Esteban del Mal's Reviews > The End of Overeating: Taking Control of the Insatiable American Appetite

The End of Overeating by David A. Kessler

really liked it
bookshelves: special-snowflake, science, non-fiction
Read in August, 2009

But fat, salt and sugar taste so good, Doctor...


Once you start making it yourself it's hard to go back to restaurants. Tastes like hot lunch.


Esteban del Mal Ha!

It's a good read, but he takes it WAY too easy on the food industry. After chronicling all of their misdeeds, he then writes about meeting with big-wigs and how eager they all are to change things. Poo.


Miss Poppy I agree with you. Have you read "Food Politics: How the Food Industry Influences Nutrition, and Health," by Marion Nestle?

I heard her on Colbert speaking about the "sugar shortage." I'll have to see if I can get it from the library.


Esteban del Mal I get my Colbert a day late up here in God's Country. Saw her yesterday. Looks like it's worth a read. It's frightening the crap we put in ourselves. Or rather, allow the food industry to peddle.

Remember, though: the market has spoken. It's all in our own best rational self-interest to eat crap.

I think the country could stand a decade or so of sugar detox. I can outlast you all. I'm a sugar camel. Embargo on.


Miss Poppy Have you seen "The Real Dirt on Farmer John"? I really enjoyed it. The movie goes into some of the politics but more how it affects farmers on a personal level. It has a kind of a happy ending.

I'd love to hear your thoughts.


Esteban del Mal Haven't seen it, but it's next on my Netflix queue (right after I suffer the indignity of watching born-again Mickey Rourke wrasslin').

Thanks for the heads-up! I'm off to our farmer's market...


Esteban del Mal My thoughts on "The Real Dirt on Farmer John":

* The opening scene with him driving the tractor with a big orange boa trailing behind him made me whoop out loud;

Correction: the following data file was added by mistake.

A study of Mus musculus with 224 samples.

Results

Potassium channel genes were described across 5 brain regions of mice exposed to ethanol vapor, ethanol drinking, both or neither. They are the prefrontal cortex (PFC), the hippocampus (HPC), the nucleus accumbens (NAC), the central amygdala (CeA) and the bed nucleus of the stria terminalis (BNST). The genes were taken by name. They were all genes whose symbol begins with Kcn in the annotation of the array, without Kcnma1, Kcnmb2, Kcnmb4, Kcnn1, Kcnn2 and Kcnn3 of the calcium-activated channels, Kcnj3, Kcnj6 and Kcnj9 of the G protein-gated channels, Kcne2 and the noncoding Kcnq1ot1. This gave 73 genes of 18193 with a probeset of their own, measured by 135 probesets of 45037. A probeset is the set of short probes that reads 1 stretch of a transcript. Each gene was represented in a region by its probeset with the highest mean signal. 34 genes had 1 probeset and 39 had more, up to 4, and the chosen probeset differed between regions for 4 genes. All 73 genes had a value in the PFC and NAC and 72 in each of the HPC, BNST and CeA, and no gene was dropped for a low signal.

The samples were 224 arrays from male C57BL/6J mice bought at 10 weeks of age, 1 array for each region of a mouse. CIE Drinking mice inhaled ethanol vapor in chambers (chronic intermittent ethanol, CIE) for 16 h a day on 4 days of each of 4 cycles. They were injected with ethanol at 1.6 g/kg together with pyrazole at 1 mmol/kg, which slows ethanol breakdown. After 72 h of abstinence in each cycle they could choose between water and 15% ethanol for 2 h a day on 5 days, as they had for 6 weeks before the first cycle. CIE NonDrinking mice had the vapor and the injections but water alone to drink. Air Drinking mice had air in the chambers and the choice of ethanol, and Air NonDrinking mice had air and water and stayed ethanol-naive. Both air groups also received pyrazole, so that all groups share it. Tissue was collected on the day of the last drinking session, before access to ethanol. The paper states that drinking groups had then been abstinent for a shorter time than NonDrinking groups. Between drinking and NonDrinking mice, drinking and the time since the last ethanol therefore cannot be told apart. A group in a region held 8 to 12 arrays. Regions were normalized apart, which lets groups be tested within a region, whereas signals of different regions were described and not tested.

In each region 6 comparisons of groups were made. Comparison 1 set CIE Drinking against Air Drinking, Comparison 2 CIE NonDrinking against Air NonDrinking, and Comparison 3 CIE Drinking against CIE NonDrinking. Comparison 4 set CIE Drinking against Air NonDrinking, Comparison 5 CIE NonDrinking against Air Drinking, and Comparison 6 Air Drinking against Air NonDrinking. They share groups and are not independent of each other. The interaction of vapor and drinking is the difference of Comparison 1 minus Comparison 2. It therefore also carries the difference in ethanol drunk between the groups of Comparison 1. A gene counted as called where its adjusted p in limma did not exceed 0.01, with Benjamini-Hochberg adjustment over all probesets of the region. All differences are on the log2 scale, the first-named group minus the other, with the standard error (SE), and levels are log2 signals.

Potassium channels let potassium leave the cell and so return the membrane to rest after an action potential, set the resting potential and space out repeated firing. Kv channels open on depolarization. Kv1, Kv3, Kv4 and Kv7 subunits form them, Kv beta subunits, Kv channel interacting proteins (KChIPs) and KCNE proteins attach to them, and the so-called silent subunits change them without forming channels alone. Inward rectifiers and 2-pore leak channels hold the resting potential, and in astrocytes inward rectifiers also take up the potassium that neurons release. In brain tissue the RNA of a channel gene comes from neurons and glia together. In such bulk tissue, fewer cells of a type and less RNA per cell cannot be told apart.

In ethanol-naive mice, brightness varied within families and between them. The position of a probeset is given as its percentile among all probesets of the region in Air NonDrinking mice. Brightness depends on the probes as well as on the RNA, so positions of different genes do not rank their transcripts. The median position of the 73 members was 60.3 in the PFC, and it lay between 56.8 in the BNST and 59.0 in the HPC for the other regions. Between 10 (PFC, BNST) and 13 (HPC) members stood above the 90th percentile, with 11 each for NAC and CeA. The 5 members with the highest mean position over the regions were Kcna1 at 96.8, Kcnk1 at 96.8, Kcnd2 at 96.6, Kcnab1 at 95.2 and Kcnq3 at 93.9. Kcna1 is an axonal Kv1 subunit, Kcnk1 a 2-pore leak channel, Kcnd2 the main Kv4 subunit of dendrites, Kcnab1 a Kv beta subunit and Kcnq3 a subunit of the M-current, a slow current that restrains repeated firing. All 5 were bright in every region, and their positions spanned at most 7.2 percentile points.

* Loved it (despite the guy definitely being a Satanist); makes me wish I was a farmer (a long held fantasy of mine - which is fading with time - is to run off and live with the Amish; I'm not so keen on it since I've learned that there are Amish millionaires);

* One of the saddest parts (for me) is when the old timer gets weepy about the tract homes being built on what was formerly farm land, "all that beautiful black soil" (visions of Iron Eyes Cody crying in that PSA from my childhood);

* I found myself being a bit judgmental when he lost (most of) the farm. Easier to think he'd been too carefree than face the economic realities of small, family-owned farming (and goes to show how conditioned even a wanna-be freethinker like me still buys into the demagoguery of "America");

* We used to participate in a co-op similar to the one featured in the documentary. It's more efficient for us to shop at our farmer's market, because inevitably you don't use everything that you're given on a weekly basis (you have no control over the type of produce). We're lucky that we live in the bread basket of California (and even national) ag and have the choice;

* I was amused by the neighbor that spread all the rumors about him. As he's interviewed, he says something to the effect, "I don't give no-nevermind about no Devil worship. The cattle was spooked!" As if organic farming is STILL the fruit of the irreligious! Run! Use pesticides, as the Good Lord intended!

* I simply like the guy. The family is considering an extended road trip across the Pacific Northwest that will end in the Dakotas next year. Illinois isn't too far out of the way. Maybe we'll try to find the place.